Variants remain a potential threat
By Marcy Stamper
The number of new COVID cases in Okanogan County in the past week is the lowest since early November, with just 12 cases reported in the week ending March 14. The county reported no additional deaths from the disease.
Public health officials are hailing the decreasing virus transmission across the state, but they remain concerned about the potential for a resurgence of COVID.
While cases plateaued in eastern Washington in late February, they increased slightly in western Washington and remain relatively high across the state, according to the state Department of Health (DOH).
Overall case counts are “around the same level we were seeing last October when the third wave of disease activity was ramping up. Plateauing or increasing at these high levels is concerning. We want to see these numbers continue to decline,” DOH said in last week’s report on the virus.
Current models indicate that each individual with COVID is likely to infect just under one other person. While encouraging, the number needs to drop further — and stay lower — for a prolonged decline in transmission.
Moreover, cases are increasing among people aged 20 to 39. Case counts in other age groups have flattened after a period of decline, DOH said. Health officials anticipate a more rapid drop as more people get vaccinated.
“There is a pattern of several waves of COVID-19 activity followed by a return to baseline level. The baseline we reached after our second wave in summer 2020 was higher than the level after our first wave. Now, following the third wave that began last fall, cases have flattened out at higher baseline level than ever before,” Acting State Health Officer Scott Lindquist said. “I’m concerned about what this means for the future and a possibility of a fourth wave of activity, along with the increases we are seeing in variants of the virus.”
Variants of concern
Since January, Washington has recorded cases of three COVID variants, which are growing increasingly prevalent in this country. While viruses mutate all the time and most variants aren’t a problem, these three have been termed “variants of concern.”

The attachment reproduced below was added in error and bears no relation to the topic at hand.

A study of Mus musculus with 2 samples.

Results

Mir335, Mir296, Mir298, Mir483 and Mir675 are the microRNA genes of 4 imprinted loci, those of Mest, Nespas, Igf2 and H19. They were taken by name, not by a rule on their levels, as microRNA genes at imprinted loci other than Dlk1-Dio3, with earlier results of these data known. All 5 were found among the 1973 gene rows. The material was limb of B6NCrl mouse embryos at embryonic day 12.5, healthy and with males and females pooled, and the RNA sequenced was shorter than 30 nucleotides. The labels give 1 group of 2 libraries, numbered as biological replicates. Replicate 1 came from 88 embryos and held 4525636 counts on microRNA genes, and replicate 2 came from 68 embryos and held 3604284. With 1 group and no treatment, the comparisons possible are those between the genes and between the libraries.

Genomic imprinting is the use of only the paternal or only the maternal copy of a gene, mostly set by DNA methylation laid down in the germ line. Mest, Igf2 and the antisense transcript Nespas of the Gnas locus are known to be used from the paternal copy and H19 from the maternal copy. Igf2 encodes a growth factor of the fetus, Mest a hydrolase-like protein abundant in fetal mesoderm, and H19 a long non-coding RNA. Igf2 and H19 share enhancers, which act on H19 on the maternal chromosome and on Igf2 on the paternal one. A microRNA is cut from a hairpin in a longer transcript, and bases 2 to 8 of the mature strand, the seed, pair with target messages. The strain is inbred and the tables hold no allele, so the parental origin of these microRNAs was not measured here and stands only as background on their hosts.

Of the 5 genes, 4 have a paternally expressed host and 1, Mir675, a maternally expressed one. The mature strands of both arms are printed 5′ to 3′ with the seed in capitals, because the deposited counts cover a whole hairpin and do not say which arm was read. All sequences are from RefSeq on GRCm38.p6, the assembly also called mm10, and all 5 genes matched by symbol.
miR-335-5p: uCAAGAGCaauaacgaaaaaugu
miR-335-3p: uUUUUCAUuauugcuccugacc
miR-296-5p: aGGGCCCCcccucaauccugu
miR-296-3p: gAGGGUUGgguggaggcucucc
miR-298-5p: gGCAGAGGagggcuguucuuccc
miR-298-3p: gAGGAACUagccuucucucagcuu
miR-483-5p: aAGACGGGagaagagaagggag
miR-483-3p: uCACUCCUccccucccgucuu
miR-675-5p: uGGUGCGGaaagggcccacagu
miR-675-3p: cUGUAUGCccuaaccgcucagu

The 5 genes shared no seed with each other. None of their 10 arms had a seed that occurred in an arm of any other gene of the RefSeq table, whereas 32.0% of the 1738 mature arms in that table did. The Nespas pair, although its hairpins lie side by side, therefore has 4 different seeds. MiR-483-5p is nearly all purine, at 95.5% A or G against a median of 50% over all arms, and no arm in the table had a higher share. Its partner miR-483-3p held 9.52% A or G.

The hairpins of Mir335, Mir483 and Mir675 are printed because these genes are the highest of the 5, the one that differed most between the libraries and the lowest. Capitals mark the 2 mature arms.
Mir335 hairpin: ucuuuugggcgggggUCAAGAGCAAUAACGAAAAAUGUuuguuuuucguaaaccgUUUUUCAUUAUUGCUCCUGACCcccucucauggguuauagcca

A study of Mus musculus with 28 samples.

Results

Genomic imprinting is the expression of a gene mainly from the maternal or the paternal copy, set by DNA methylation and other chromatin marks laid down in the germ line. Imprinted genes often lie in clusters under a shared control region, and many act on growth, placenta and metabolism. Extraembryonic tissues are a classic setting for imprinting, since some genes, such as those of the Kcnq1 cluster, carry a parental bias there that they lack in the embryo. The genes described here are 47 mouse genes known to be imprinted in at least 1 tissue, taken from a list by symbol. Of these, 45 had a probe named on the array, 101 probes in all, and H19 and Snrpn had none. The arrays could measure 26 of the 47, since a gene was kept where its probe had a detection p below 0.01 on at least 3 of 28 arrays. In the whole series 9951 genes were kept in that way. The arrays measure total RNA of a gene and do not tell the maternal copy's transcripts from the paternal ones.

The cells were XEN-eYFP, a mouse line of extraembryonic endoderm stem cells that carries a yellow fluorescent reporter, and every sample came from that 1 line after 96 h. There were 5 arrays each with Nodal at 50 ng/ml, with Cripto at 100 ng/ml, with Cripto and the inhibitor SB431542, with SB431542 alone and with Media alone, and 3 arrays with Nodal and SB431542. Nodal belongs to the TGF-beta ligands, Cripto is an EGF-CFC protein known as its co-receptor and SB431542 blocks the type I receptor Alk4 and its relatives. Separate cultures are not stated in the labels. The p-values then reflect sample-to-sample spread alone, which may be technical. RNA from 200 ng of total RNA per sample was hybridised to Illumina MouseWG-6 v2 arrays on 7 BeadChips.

As of March 10, the state had identified 99 cases of the variant first detected in the United Kingdom, five of the variant first detected in South Africa, and one of the variant first detected in Brazil, according to DOH.
The variants have been identified in individuals from counties in western and south-central Washington. Because the state doesn’t do genomic sequencing of all COVID tests to ascertain the virus variant, it isn’t known how widely these mutations are spreading, DOH said.
“Because viruses mutate when they are transmitted from one person to another, the best way to combat mutations is to stop transmissions,” DOH said.
The U.K. variant appears to be more contagious, but it isn’t clear if it causes more serious illness. Vaccines currently used in the United States may be less effective in preventing infection with the South African variant, although the vaccines protect against severe illness and death.
The Brazilian variant comes in 17 mutations, and antibodies developed after a COVID infection or vaccine may not be as effective in neutralizing some of them. DOH emphasized that more research is needed to understand all the variants. Vaccine manufacturers are working on boosters that will target new variants, DOH said.
Federal regulations don’t allow patients to be told which variant they have, but the treatment for all of them is the same, DOH said.